In February, a homeowner in Little Havana captured video of a black stranger moving a garbage can in their front yard. The fisheye footage came from a "smart" doorbell made by Ring, a tech company now owned by Amazon. In a post shared with other locals, the homeowner labeled the man an "intruder" and warned neighbors to be on the lookout.
But some neighbors saw the warning as something else. "I think your garbage can was in the way and he placed it back," someone suggested. "Nice guy!"
The exchange is commonplace on Ring's new app, Neighbors, which allows residents to anonymously post videos and alerts of "real-time crime" and suspicious activity in their area. While the platform has been praised for its ability to help solve crimes and alert residents to possible thieves or scammers, critics say it encourages racial profiling and raises privacy concerns.
Despite those concerns, the City of Miami yesterday announced a partnership with Ring. Miami Police will monitor the app and, in cases where an arrest is warranted, use the video footage to prosecute cases.
"Eyewitness testimony oftentimes is inherently flawed, and so having video evidence of what happened is incredibly important for prosecutors, for law enforcement," Mayor Francis Suarez said.
But criticism of the app has been widespread on social media:
most recently on @ring’s app, i saw a young black child ringing what appeared to be the wrong doorbell. he was barefoot. and in the comments was a bunch of ADULTS suggesting the police be called. y’all disgust me.— finegodmother (@finegodmother) June 10, 2018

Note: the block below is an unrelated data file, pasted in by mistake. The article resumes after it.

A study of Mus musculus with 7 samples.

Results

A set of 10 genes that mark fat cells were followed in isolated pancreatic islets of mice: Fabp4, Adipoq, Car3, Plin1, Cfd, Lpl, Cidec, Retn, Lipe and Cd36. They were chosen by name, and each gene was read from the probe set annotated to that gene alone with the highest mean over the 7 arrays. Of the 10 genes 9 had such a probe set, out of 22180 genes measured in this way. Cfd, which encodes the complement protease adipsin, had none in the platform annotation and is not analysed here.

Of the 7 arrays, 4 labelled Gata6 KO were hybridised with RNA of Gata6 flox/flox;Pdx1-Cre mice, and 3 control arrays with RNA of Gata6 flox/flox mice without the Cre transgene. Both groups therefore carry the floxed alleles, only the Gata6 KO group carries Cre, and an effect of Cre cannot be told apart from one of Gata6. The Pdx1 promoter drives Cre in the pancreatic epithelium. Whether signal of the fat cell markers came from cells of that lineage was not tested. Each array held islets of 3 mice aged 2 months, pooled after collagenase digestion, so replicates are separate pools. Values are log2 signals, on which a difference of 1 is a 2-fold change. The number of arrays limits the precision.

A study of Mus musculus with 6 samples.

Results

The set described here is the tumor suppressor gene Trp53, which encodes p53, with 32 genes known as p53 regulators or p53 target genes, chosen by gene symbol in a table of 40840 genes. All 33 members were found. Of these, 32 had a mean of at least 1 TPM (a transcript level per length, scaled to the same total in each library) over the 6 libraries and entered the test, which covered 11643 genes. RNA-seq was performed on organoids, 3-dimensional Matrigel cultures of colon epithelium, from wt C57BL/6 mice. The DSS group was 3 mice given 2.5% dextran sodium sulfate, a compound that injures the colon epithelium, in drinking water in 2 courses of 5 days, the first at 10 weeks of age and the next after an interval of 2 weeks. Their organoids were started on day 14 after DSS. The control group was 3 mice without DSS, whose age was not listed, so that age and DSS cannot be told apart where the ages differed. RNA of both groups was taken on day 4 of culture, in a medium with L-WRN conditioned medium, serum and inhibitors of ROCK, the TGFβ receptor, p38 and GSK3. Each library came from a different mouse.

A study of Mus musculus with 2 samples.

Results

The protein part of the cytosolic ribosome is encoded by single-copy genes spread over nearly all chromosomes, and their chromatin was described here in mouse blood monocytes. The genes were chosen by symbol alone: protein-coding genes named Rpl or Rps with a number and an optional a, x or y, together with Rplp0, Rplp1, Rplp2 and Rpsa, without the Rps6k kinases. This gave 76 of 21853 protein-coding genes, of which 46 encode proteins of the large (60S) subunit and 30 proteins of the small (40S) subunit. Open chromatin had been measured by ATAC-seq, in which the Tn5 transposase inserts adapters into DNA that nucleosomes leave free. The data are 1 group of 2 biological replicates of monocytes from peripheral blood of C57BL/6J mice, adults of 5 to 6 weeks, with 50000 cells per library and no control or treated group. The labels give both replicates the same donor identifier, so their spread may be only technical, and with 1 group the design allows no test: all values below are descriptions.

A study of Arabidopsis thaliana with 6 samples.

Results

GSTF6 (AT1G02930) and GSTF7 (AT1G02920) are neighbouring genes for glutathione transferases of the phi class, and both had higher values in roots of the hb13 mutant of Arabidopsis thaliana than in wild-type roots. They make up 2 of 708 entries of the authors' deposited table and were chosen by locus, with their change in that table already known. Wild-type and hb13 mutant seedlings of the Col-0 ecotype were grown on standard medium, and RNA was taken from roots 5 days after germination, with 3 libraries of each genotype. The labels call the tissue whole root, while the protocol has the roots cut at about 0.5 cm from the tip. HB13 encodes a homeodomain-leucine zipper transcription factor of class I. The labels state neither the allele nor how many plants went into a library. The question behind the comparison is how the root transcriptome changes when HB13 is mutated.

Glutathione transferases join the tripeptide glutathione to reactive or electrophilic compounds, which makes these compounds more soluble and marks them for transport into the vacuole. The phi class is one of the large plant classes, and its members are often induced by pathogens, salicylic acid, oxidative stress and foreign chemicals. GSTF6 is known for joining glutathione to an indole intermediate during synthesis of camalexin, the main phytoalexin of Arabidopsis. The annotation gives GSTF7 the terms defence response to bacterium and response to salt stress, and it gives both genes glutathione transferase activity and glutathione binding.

When software is a trojan horse for software. Amazon/Ring's Neighbors App brings your community together to help create safer neighborhoods, ensures safe deliveries of your packages, and creates a privatized police state all in one. https://t.co/nv4yCPpW9X— Dash (@dshl_) May 11, 2018
In Miami, a quick scan of Neighbors turns up more than a few posts that appear to show racial stereotyping. In one post, a resident uploaded a video of a black man ringing the doorbell and added the caption, "Unfamiliar Man. Wanted?" The post continued: "Has anyone seen this guy? I'm not sure if this is the one who's wanted for sexual assault because I don't see his face very well."
Underneath a video of an alleged car burglary by a man whose race is unclear, another user commented, "They should be ready for deportation."
"As a focused app around neighborhood safety and the way we've built the app, I believe so far we've seen that it works in a way that [profiling] does not happen," Siminoff said.
But as a New Times story from earlier this year illustrates, local crime-prevention groups can easily turn vigilante. The Facebook group Miami Beach Crime Prevention & Awareness was blasted by the ACLU after several posts warned of "suspicious" activity by black people and the homeless.
One thing is clear after skimming through Neighbors: The act of ringing someone's doorbell is now rare enough that many people are ready to call the cops after a simple ding-dong.